When building, developing and troubleshooting complex systems everybody agrees that modularity is the way to go. Different parts or components need to interact only through well-defined interfaces. This way the complexity of each component can be reduced to its inputs and outputs. That’s the theory. In practice, this is extremely hard to achieve. Implementation details are sometimes hard to contain. This is where black box and white box testing can come in handy, depending on the situation.
Consider an interface that expects a JSON file as input. If you don’t specify exactly in the schema, then the format of the file can change and break interactions that worked previously. But, even if you put in the work and discipline and properly separated all the concerns and rigorously defined all the interfaces, you’re still not in the clear. There are two big problems:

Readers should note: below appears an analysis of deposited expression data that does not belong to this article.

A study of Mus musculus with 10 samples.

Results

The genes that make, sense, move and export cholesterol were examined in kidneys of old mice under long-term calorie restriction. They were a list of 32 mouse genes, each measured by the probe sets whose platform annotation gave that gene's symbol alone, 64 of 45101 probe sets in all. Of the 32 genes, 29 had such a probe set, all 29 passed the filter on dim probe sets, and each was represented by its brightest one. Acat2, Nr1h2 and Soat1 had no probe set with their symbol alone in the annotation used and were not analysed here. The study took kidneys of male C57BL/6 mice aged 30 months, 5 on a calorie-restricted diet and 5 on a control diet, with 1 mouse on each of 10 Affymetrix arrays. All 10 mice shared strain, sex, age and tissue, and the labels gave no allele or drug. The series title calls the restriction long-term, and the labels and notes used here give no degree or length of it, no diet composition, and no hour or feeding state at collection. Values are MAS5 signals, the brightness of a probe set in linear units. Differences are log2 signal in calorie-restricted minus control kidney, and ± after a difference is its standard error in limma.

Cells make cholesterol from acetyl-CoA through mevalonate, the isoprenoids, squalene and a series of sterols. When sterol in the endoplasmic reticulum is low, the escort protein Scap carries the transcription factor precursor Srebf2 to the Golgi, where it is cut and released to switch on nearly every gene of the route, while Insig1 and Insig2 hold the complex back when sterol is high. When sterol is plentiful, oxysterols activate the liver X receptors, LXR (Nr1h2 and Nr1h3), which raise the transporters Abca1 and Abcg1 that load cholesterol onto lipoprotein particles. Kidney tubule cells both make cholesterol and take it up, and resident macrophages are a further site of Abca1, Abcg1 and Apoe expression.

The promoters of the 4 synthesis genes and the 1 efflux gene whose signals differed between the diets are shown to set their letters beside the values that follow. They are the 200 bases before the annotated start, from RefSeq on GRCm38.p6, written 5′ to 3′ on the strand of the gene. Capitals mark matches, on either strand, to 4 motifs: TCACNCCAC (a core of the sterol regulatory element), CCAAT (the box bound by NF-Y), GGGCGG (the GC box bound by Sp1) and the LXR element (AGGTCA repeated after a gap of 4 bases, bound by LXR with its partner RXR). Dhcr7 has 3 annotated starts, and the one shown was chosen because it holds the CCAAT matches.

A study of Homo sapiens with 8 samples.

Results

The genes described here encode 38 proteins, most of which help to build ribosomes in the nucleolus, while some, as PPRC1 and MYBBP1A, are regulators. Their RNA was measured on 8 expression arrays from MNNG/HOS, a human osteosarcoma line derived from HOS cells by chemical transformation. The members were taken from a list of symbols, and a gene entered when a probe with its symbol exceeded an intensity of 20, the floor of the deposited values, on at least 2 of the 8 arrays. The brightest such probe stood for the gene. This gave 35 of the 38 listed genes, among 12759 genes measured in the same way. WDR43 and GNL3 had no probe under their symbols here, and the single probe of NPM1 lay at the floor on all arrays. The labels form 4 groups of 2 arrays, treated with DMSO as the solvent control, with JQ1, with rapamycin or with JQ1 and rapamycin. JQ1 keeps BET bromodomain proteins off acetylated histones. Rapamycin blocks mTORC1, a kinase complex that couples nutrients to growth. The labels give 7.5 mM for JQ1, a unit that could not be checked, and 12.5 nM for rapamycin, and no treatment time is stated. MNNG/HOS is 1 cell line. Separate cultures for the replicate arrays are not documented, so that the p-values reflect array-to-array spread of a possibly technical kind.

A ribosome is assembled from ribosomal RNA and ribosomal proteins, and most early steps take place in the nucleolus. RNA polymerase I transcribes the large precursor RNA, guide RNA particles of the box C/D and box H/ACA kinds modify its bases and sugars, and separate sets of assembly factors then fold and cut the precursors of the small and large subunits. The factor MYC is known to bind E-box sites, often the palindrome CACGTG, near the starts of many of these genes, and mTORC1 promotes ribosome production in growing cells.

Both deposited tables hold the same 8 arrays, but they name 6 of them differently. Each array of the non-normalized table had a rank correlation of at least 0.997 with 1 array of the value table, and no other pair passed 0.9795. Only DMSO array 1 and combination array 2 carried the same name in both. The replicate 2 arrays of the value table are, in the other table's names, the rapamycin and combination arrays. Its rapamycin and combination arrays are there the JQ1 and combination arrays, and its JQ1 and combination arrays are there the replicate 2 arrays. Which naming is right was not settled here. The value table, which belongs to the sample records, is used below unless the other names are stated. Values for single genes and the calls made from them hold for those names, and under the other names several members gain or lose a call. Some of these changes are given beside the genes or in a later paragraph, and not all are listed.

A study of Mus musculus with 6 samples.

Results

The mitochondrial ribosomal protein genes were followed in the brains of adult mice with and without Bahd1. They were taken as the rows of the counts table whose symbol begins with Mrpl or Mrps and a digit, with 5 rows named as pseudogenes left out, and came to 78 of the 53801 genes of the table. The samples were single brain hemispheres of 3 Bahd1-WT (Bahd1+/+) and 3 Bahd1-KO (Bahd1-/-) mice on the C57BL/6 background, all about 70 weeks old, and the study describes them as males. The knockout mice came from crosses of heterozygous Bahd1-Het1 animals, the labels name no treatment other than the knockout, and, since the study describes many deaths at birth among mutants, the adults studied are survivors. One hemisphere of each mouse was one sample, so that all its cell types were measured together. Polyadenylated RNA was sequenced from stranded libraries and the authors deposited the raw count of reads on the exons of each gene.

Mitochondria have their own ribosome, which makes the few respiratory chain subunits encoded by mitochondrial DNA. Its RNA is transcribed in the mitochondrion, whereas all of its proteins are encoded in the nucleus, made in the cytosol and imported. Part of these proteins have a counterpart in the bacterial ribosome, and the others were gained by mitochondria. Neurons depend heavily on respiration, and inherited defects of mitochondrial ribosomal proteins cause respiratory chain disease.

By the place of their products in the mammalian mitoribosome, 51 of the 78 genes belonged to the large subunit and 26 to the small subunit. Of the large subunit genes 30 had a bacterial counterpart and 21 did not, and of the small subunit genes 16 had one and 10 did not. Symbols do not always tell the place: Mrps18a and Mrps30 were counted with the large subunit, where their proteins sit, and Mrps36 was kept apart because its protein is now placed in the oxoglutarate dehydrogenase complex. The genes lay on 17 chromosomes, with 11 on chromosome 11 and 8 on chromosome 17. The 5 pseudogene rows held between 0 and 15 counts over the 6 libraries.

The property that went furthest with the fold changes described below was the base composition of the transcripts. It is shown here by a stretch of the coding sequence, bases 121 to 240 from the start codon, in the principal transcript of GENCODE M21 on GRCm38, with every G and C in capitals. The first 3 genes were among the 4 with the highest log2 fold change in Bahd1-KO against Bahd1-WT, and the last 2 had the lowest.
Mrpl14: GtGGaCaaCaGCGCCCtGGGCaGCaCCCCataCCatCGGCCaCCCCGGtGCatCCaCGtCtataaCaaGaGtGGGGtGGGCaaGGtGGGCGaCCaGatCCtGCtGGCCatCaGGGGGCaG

- If your system is complicated enough then new development will often require changing interfaces and contracts. When that happens you still need to dive in and understand the internal implementation.
- When something goes wrong, you’ll have to troubleshoot the components and follow the breadcrumbs. There is no escaping the complexity when debugging. Under some circumstances, very well factored systems that abstract as much as possible are more difficult to debug because you don’t have access to a lot of context.
But, black box and white box testing is not just about the system. It’s also a property of people working with the system. Some people thrive on the black box view and keep an abstract view of the components as black boxes and their interactions. Other people, must see a concrete implementation and understand how a component ticks before they can climb up the abstraction ladder and consider the whole system.
There are good arguments for both views and while working with most complicated systems you should be able to wear both hats at different times.